The Gates of Marrakech: Bab El Debbagh, ‘The Tanners Gate’

Lying to the east of Marrakech, Bab El Debbagh provides entrance to one of the oldest districts of the city, the tanneries. Of all of the 19 gates that puncture the red pisé-cement ramparts of Marrakech, Bab El Debbagh is the only one to be named after a craft, demonstrating the historic importance of the leather trade throughout the city.

The tanners are said to have been the first to settle in Marrakech during the city’s formation and the tanneries still stand in the same location thousands of years later, at the city’s most easterly point. The original tradesmen chose this location for two reasons: as the tanneries were distanced from the centre of the city, so that the smell did not affect the central residential areas, and so that they were close to the seasonal waters of the Oued Issil river, as water was needed in the tanning process.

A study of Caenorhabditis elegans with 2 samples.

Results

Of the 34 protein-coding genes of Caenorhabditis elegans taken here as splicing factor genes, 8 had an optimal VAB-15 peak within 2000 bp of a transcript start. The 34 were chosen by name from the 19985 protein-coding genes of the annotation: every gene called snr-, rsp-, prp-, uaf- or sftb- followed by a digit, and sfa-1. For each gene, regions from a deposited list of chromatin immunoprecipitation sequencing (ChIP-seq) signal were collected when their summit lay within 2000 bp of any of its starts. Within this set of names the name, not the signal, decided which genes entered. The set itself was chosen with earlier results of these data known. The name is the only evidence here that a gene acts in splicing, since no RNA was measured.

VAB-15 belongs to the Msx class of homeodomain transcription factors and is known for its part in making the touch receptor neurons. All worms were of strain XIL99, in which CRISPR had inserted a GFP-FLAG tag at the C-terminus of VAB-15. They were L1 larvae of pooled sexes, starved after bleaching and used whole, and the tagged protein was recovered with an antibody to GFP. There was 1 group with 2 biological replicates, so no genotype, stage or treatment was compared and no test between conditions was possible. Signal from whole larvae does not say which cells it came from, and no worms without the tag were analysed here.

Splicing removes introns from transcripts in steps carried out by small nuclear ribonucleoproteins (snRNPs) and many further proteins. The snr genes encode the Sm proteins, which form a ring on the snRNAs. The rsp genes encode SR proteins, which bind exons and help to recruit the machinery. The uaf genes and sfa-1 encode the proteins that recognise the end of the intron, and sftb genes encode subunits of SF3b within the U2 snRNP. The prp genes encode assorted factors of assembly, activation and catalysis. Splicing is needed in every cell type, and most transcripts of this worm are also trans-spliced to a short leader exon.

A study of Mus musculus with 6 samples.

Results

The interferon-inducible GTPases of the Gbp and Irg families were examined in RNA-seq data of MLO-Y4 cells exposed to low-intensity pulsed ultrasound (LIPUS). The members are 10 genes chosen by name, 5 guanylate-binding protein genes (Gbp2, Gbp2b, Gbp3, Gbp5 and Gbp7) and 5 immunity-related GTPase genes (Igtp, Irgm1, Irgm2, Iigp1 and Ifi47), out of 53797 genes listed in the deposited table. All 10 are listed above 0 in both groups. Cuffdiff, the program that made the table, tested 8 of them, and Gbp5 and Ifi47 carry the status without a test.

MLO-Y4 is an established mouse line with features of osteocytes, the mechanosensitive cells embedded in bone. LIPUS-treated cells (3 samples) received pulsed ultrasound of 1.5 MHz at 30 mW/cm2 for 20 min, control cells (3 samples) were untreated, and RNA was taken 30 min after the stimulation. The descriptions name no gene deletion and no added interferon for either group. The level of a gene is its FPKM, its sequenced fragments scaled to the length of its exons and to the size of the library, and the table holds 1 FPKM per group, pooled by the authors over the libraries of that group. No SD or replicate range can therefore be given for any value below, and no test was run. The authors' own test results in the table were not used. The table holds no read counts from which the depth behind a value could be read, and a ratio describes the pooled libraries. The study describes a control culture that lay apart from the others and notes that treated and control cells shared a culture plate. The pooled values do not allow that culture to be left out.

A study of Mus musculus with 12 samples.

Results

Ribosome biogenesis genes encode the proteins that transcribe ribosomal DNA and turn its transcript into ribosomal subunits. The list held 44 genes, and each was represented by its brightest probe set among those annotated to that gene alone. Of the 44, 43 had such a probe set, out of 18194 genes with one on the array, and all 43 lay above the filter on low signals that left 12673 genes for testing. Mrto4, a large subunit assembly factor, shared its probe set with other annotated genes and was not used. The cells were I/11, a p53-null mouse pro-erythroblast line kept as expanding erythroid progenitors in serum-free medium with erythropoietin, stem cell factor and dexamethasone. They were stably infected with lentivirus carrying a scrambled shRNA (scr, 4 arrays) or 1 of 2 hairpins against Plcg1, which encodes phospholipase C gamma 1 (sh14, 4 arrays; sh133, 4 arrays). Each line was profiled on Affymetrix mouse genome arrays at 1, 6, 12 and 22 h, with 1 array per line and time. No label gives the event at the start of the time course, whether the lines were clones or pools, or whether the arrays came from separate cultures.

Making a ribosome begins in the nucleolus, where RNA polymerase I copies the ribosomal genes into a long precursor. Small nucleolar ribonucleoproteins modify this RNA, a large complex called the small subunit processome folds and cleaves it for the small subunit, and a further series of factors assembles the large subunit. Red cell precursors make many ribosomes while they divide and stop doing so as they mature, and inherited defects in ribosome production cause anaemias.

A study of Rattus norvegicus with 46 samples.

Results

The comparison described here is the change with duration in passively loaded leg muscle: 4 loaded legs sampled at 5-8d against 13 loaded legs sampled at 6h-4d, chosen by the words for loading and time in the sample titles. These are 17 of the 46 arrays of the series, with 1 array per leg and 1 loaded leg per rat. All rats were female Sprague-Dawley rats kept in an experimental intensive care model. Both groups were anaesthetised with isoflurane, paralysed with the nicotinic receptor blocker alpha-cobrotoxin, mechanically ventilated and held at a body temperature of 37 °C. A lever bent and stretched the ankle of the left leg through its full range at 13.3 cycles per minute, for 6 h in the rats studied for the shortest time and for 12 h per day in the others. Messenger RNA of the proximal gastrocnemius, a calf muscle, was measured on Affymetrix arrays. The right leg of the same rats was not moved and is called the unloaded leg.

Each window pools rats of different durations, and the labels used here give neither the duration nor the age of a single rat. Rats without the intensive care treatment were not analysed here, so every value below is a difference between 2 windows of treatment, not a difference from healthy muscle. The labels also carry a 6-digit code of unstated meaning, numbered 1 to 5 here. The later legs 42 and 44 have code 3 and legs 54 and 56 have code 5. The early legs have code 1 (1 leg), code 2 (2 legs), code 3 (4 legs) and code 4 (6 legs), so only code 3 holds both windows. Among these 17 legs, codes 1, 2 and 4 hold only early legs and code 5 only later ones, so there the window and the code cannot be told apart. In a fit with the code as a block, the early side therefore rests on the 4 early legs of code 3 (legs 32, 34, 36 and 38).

The tanning process itself, as with many traditional practices in Morocco, is deeply embedded with symbolism. Indeed, there are a number of competing legends and myths concerning the gate. One such legend suggests that 7 virgins are buried at the foot of the gate, and that women who desire a child should offer them henna and candles. Another story claims that the Tanners Gate is inhabited by Malik Gharub, a genie who led a failed revolt against Sidna Suleyman, the Black King, only to be condemned to tan a cowhide for eternity.

Bab El Debbagh not only functions as a gateway into the city, but it is also the start point of our ‘Leather and Tanning’ Medina walk, a curated tour which traces the significance of the historic leather industry across Marrakech’s old town. If you would like to find out more about the free MarrakechRiad app, the ‘Leather and Tanning’ walk or any of our other Medina walks then our Riad staff would be happy to help.